Each week, one Slate staffer or critic will offer up a favorite cultural pick for Procrastinate Better readers. This week's endorsement is from John Dickerson, Slate ’s chief political correspondent.
If the main character in Foyle's War were writing this, it would already have ended. Good show. Well-acted. Worth staying home to watch. To do this elegantly restrained show justice, I should leave it there. But I'm going to go on, if we can all agree that just because my praise is over-the-top doesn't mean the show is.
Foyle's War is the story of a widowed police inspector investigating crimes in the British town of Hastings during WWII. It has all the crime tropes I want—awkward conversations with suspects, debriefings back at the office, surprise turns, a delicious wrap-up. But each show also contains a moral hunt: How do you stick to the rules when bombs are falling and everyone is taking shortcuts—sometimes in the service of the larger war? There’s no point in fighting to save a society by throwing out its core beliefs—right? This kind of moral question could come on like an air raid, but it never does.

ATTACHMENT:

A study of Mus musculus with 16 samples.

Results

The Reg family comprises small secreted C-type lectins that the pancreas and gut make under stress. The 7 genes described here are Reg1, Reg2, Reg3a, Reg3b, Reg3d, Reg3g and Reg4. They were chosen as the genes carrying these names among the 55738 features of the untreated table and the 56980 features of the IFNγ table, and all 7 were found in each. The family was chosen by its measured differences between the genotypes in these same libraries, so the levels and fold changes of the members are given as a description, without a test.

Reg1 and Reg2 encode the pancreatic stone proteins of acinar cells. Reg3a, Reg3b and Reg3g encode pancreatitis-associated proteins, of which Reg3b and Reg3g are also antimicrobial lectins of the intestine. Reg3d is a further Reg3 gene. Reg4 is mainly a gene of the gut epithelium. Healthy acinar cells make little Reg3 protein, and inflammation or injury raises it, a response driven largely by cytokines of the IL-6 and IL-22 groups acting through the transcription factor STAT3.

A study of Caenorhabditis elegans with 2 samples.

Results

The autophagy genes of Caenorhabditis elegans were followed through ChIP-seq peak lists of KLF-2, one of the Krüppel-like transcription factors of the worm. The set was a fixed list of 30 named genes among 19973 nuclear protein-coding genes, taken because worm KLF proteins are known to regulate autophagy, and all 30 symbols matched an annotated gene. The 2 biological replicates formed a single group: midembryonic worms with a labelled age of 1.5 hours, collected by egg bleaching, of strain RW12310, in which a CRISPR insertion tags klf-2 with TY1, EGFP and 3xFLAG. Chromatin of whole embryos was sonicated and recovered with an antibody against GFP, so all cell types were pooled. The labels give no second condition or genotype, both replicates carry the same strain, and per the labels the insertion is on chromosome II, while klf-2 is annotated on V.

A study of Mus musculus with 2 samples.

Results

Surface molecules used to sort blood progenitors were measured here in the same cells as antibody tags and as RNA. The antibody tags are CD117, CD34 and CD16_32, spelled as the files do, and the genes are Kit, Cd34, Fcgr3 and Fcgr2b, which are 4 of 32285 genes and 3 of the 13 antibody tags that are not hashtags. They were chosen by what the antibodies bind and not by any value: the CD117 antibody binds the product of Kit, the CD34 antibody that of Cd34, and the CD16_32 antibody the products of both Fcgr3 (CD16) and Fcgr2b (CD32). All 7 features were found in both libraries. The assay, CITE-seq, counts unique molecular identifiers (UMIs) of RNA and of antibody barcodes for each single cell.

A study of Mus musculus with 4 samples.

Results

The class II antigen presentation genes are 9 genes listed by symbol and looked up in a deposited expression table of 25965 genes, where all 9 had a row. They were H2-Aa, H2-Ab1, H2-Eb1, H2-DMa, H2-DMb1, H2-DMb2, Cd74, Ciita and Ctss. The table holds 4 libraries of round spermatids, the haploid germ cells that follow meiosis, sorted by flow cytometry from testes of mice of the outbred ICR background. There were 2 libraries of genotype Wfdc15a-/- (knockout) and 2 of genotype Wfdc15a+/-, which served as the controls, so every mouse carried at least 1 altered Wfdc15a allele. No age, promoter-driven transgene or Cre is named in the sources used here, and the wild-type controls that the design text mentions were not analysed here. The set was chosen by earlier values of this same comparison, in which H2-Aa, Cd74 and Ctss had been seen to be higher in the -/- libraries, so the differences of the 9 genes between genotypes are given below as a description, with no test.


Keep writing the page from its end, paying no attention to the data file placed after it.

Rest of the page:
The acting is superb, down to the smallest walk-on part by members of the Home Guard. Michael Kitchen stars, thoroughly inhabiting the role of a laconic inspector who often communicates most effectively with a shrug or by pulling up the side of his mouth. Sounds gimmicky, but it plays as the outgrowth of something far deeper inside a lonely man. Watching his hidden side emerge over the course of the series is another kind of unfolding mystery.
I am watching the show, in its sixth season on PBS , in order and slowly. I'd advise the same. There are key details that require a sequential viewing, and this is a series to be savored.